Collegiate Network – Members – 2000 Campus Outrage Awards:


2. Cornell University: Resident Advisors at Cornell hosted a “Roman Orgy” party in a campus dormitory—with funding from student fees. While organizers suggested that the party would consist of just massages and snacks, it was not long before the clothes started to come off. RA’s even set the mood: dimmed lights, incense, and a bowl of condoms. Cornell tuition money sponsored a real orgy, the organizers were let off without punishment, and the dorm’s judgment was that it was “a very positive and good event,” according to a student quoted in the Cornell Daily Sun.

3. Student Government at University of Wisconsin-Madison: University of Wisconsin’s student government excessively spent student fees (tuition dollars) on various items, including fine restaurants, luxury hotels, valet parking, and junk food. Last year’s expenses included more than $29,000 spent on travel. Last fall, the finance committee approved funding for $50 worth of tobacco to be purchased for a campus organization, even as it launched its anti-smoking movement.

4. University of Texas administration: UT canceled a scheduled speech by Henry Kissinger. During the few weeks before his arrival, campus protesters beat their message out: Henry Kissinger is nothing more than a war criminal. The Radical Action Network protested during the weeks leading up to the event, covered the campus with flyers, and held a teach-in to spread their message that Kissinger doesn’t belong at UT. In the end, the UT administration caved in to the pressure from the protesters and canceled Kissinger’s speech, claiming that his speaking on campus would cause an outbreak of violence and endanger the people in the auditorium. The UT administration has a history of suppressing free speech; last year, UT police simply watched as protesters disrupted Ward Connerly as he debated affirmative action.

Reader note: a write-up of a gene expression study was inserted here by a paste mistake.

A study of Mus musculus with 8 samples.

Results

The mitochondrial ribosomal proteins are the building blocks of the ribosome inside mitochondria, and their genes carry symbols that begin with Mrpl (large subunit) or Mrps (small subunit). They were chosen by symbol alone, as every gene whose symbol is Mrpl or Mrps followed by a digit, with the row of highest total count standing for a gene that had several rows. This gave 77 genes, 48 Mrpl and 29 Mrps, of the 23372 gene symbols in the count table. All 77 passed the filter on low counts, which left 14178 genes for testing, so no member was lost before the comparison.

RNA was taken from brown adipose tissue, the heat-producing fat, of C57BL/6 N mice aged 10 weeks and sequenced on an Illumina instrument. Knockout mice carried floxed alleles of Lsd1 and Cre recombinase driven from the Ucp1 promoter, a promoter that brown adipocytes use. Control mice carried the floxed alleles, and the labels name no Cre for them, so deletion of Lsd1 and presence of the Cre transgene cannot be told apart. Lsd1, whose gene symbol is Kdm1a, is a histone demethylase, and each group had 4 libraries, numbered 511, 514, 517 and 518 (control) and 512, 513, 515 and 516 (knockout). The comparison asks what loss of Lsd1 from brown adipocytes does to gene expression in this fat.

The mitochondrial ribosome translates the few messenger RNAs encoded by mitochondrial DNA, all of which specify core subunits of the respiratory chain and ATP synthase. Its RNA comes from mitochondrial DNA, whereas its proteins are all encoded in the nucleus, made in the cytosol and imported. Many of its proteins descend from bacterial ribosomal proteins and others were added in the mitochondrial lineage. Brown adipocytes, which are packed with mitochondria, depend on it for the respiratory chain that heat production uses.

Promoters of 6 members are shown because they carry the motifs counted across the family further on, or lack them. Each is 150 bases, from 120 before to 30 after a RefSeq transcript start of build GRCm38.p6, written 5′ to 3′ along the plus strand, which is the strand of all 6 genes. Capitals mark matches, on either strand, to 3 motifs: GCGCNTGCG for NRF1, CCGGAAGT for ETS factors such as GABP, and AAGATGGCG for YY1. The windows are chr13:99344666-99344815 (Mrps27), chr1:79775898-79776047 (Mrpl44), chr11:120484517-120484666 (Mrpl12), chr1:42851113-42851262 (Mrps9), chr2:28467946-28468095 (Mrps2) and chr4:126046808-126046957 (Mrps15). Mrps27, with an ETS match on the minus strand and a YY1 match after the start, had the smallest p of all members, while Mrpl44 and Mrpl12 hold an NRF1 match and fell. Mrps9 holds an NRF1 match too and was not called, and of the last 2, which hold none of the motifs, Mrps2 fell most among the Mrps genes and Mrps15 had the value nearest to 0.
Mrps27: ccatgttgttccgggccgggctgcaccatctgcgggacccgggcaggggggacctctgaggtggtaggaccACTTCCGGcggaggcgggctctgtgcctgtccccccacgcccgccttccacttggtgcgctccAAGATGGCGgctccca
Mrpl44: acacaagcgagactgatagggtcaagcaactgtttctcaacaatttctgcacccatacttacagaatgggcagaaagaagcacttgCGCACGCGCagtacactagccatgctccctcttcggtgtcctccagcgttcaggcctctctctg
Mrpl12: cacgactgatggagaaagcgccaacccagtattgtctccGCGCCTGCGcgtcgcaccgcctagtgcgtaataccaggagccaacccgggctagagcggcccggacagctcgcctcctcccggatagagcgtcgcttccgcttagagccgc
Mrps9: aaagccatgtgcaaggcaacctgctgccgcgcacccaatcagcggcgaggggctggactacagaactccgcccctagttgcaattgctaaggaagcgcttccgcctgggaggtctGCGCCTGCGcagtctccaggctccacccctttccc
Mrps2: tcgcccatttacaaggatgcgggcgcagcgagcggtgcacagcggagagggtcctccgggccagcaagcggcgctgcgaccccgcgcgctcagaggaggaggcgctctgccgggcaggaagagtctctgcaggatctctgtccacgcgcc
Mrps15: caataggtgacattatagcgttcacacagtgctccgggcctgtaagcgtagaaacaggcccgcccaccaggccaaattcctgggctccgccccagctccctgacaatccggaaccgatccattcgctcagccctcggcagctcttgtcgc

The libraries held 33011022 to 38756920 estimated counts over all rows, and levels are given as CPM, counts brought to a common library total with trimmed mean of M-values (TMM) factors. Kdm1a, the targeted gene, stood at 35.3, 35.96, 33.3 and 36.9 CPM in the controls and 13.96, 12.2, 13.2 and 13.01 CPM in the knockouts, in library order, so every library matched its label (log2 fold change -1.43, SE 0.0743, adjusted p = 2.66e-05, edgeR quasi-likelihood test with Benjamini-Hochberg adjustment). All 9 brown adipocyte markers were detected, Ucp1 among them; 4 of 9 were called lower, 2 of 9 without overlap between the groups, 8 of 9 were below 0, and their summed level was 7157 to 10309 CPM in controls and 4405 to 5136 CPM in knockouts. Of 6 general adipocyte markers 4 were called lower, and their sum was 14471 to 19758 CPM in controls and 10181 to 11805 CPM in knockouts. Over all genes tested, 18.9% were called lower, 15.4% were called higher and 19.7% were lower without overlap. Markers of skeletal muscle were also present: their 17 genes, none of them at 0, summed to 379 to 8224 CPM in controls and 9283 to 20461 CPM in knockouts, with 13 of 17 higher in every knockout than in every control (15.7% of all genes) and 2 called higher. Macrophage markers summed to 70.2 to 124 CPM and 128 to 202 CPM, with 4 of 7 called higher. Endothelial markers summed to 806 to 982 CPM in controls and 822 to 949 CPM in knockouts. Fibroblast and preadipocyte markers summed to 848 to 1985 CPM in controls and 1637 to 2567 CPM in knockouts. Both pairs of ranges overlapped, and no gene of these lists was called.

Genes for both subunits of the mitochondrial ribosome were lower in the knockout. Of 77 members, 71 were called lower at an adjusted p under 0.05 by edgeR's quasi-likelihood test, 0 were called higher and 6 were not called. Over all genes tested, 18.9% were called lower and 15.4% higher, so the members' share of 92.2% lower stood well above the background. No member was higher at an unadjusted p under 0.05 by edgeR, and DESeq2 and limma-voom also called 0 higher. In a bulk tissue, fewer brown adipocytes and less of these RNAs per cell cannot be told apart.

5. Harvard and Yale (tied): When Yale’s gay/lesbian club discovered satirical posters on campus celebrating “Gay Avarice Week,” “Gay Sloth Week,” and “Gay Lust Week,” in response to the campus’s celebration of “Gay Pride Week,” club members tore them down and complained to the administration. Yale’s top brass reacted predictably by claiming it was a hateful attack by “a very few sick individuals” (Yale Herald) and vowing that if the author were revealed, he would be taken to the Executive Committee charged with policing alleged harassment. At rival Harvard, the gay/lesbian club plastered the campus with posters and flyers celebrating National Coming Out Day. Some students believed that the publicly placed materials were, at best, obscene and that some were pornographic. Harvard’s administration refused to stand up to the activists by claiming that the true issue was the protection of free speech. The administrations of these Ivy League schools reacted differently in the two cases: favored groups can get away with public displays of pornography, but anyone satirizing protected groups faces the wrath of officials in high places.